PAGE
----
CEO Corner articles are written by presidents or CEOs of biopharmaceutical or medical device companies that create a drug or device. These articles discuss global industry trends, experiences, and challenges that biopharma CEOs and presidents can relate to and should be aware of.
“Looking back on my 25 years in academic medical research, I can’t think of a single learning experience that equipped me for the world of entrepreneurship, running a public company, or interacting with the capital markets.”
Being the founder and CEO of SQZ Biotech is actually Armon Sharei’s first full-time job. He warns that although people often applaud entrepreneurship, lionize its leaders, and paint it as a glamorous adventure, that isn’t really what it’s like.
Can German, American, Chinese, and other companies worldwide work together to advance the mRNA revolution and possibly launch the new “pharmacy of the world?”
While there are many key aspects of a successful international collaboration across many time zones and great distance, in our experience — a collaboration between organizations based in the U.S. and Japan — there are a few essential elements.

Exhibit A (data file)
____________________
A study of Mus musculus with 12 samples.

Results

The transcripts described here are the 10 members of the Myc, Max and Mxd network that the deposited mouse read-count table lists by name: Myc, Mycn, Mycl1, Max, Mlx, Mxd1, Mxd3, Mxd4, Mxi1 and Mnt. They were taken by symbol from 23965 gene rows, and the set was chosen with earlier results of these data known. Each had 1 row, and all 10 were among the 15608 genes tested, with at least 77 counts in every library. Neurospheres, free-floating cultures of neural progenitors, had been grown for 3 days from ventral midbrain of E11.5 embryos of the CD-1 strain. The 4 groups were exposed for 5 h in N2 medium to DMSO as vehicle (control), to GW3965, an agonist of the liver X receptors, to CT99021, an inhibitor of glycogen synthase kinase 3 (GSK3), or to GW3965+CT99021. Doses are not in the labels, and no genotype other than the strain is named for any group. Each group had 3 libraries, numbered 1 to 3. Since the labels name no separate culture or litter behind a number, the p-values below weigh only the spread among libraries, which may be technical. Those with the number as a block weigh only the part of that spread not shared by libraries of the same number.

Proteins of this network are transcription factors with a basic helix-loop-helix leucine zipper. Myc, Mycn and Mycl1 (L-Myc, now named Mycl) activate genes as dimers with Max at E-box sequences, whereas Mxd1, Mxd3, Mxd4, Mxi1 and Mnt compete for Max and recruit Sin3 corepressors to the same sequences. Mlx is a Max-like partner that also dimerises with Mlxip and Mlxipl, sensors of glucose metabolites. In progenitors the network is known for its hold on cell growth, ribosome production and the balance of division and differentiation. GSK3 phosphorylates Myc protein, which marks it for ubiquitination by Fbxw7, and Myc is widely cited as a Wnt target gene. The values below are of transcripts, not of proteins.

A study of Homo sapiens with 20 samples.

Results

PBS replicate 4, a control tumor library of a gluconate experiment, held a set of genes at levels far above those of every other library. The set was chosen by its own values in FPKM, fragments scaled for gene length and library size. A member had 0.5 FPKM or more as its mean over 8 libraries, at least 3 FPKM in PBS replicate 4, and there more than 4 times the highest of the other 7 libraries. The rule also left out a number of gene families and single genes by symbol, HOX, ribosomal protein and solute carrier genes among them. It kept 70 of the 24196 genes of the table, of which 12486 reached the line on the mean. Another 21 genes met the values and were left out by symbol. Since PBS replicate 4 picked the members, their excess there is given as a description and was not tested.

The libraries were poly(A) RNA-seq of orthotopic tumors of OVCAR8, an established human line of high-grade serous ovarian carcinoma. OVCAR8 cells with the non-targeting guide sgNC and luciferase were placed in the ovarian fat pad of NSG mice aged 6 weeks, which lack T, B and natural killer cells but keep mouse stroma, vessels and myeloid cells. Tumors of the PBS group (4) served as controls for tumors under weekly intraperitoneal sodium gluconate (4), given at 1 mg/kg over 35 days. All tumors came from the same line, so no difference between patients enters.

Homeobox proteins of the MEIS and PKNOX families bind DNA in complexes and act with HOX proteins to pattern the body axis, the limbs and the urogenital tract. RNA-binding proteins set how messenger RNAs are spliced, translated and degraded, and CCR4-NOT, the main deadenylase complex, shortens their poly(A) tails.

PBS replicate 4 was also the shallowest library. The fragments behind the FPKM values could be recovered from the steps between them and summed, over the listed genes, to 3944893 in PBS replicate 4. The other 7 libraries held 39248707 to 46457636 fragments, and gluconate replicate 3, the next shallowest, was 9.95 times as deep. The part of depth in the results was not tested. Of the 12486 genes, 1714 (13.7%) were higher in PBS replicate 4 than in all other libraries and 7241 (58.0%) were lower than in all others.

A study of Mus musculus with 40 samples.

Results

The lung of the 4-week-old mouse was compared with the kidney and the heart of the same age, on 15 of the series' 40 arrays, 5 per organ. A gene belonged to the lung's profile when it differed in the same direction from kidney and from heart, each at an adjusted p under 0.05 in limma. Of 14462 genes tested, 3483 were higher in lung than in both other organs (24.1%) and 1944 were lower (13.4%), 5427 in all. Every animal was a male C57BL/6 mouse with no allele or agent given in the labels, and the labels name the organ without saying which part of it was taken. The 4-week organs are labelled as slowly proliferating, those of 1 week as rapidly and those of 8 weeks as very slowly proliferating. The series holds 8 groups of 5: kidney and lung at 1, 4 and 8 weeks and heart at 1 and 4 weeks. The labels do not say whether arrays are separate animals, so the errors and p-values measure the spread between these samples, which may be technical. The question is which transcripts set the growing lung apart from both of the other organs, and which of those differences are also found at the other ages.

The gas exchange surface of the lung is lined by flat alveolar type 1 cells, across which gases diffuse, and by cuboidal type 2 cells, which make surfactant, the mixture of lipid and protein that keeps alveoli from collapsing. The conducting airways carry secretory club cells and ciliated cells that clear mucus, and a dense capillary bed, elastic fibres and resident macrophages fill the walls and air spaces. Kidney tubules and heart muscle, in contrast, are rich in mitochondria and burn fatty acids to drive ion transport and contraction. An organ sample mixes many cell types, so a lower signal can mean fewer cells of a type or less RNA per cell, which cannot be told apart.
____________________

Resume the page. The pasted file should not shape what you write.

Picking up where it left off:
Like an ocean liner changing course, the national discussion around “modern” healthcare has moved slowly away from volume toward health outcomes. As such, we in the industry need to be both innovators and advocates for change.
“I’m often asked what it takes to be a successful biotech CEO, and as one of the relatively few female CEOs in our industry, what it takes to break the proverbial glass ceiling.”
Identifying and acquiring medicines would be relatively facile; however, convincing investors that the medicines were valuable was going to be a real challenge.
There are some key points for biotech companies to consider as they begin to transform their business model to one that captures the business continuum more fully.
Partnerships between pharmaceutical companies and patient advocacy groups hold the key to closing the rare-disease treatment gap. Their mutual commitment to improving patient care is the foundation for collaborative innovation in rare-disease education and research.
A diverse workplace is critical to building a successful biotech company. When you’re leading an organization working to bring life-saving drugs to the market, every second matters, and you need to attract and retain the best talent to be successful.
The career path of Orchard Therapeutics’ CEO Mark Rothera provides insight into how the executive came to be a champion of rare disease drug development.
Mark Rothera spent the majority of his career working for U.S.-based biopharmas. So, when he had the opportunity to work in his home country and preferred therapeutic area, he pursued it relentlessly.
You might know Richard Pops is one of the longest tenured CEOs in biopharma, but here are six things perhaps you didn’t know about the chairman of Alkermes.
Rob Wright provides insight into the categories and shared attributes of superbosses, as derived from 10 years of research and more than 200 interviews by Sydney Finkelstein, #23 on the Thinker50 2017 rankings.
Rob Wright discusses the difference between collaboration and teamwork, and what companies and leaders should be focusing on.